Tuesday, March 8, 2016

Four Amazing Women, Four Graphic Novels for International Women's Day

Today is International Women's Day, and although you could and probably should say that every day should be a day for all women and all men and all of everyone, I'm glad there's a day that I can point people towards four graphic novel biographies of four influential women. Except really one of them is about three women, so that makes *counting on fingers* six women.

Here are the four picks:

Nathan Hale's Hazardous Tales: The Underground Abductor (2015, Nathan Hale) -- tells the story of Harriet Tubman, the Underground Railroad, and the abolition movement. It's the fifth in a series of graphic novels about American History perfect for middle grades, told with humor and adventure. Like many of the others I'm featuring today, it's a more complex biography than you'd expect from a "comic book" format. This book also includes small stories about Frederick Douglass and Nat Turner; it's a great introduction to that time period and the building tensions over slavery in the pre-Civil War United States.

Primates: The Fearless Science of Jane Goodall, Dian Fossey, and Birute Galdikas (2013, Jim Ottaviani and Maris Wicks) -- looks at the work of three female scientists who each did groundbreaking research with chimpanzees, gorillas, and orangutans. Good (if brief) biographies of each, including their connections to Dr. Louis Leakey and the challenges they had to overcome as women in their fields in the twentieth century.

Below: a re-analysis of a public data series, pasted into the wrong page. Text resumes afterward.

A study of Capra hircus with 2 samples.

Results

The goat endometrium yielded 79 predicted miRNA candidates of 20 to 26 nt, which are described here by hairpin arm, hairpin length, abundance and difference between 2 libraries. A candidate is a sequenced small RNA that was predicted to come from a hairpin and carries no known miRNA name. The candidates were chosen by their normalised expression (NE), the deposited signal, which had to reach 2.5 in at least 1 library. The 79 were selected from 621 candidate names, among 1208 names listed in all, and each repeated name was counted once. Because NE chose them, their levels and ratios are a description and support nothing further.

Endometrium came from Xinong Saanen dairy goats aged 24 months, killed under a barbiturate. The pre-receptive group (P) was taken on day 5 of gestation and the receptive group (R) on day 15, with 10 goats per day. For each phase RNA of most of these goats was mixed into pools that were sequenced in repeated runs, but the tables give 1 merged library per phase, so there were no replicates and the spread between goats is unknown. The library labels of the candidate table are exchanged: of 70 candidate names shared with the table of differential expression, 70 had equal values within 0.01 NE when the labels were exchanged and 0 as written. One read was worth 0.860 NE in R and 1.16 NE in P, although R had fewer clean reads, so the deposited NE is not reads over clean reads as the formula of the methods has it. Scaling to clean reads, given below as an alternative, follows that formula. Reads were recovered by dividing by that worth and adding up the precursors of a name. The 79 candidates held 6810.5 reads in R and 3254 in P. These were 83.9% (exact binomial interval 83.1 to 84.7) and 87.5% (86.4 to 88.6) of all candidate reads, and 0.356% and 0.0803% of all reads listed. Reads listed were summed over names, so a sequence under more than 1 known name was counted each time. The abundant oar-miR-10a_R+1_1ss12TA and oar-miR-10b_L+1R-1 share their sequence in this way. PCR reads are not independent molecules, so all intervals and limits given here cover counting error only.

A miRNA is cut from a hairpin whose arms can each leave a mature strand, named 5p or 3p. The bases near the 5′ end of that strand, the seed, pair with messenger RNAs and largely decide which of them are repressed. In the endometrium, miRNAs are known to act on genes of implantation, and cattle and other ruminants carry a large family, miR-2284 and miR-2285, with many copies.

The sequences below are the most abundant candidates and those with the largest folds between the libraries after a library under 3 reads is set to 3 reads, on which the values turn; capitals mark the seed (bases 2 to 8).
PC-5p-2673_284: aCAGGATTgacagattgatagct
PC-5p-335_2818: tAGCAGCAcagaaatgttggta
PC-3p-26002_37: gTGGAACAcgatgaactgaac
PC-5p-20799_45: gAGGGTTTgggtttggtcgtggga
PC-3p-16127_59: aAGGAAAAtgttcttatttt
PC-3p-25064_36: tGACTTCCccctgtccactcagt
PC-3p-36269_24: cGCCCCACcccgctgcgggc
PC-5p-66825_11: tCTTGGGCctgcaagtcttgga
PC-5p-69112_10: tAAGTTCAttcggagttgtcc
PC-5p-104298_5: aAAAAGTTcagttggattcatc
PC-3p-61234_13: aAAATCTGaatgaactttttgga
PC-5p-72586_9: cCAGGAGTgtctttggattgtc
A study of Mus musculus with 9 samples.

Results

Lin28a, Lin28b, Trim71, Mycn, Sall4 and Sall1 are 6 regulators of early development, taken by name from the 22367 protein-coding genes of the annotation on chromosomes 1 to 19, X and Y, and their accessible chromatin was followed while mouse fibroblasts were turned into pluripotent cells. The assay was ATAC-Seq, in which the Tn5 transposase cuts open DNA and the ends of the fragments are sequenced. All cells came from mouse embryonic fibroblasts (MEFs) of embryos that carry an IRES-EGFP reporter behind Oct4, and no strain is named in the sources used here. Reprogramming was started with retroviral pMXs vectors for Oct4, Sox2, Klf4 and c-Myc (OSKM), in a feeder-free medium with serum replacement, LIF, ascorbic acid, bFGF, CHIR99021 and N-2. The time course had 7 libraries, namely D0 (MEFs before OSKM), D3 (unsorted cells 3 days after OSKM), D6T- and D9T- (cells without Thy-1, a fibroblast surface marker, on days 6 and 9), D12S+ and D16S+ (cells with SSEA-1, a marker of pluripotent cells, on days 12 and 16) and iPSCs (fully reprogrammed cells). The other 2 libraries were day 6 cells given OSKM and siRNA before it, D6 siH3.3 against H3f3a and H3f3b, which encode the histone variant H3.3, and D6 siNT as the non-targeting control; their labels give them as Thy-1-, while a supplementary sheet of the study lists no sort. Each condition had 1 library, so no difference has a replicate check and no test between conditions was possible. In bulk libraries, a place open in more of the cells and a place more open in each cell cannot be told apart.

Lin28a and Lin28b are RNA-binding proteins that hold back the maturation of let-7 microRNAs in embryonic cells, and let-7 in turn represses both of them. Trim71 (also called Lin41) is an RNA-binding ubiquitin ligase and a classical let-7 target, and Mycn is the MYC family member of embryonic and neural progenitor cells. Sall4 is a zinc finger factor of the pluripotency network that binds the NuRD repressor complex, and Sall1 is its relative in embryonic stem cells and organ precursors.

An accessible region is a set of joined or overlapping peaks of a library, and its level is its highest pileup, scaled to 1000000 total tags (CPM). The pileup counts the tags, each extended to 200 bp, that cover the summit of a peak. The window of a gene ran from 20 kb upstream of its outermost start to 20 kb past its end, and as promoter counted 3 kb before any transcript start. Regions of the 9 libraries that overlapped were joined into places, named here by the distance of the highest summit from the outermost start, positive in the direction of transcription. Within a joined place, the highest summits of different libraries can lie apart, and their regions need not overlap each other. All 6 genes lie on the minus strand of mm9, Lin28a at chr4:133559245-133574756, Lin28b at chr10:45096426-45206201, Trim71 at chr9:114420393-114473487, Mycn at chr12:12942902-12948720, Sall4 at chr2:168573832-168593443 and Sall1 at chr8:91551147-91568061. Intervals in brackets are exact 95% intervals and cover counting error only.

Radioactive: Marie and Pierre Curie - A Tale of Love and Fallout (2010, Lauren Redniss) -- this unusual book breaks the typical format of graphic novels told within panels (like a comic book), opening and intermingling the artwork and words in a beautiful way. The story is more than just a biographic retelling of Marie Curie's discoveries, and gets into her tumultuous relationship with Pierre.

Woman Rebel: The Margaret Sanger Story (2013, Peter Bagge) -- despite the cartoony illustrations, this biography of Sanger is often very adult, with descriptions and captions as frank as Sanger herself is in describing sexuality. This is a great example of a historic biography I'd love to share with students--if it weren't for two pages in the middle somewhere. Nonetheless, as an adult reader, and a history teacher without the best grasp on who she was and why she was so important, this was a perfect primer to the woman and her personality. Well worth your time, even if it's not one you hand to a student.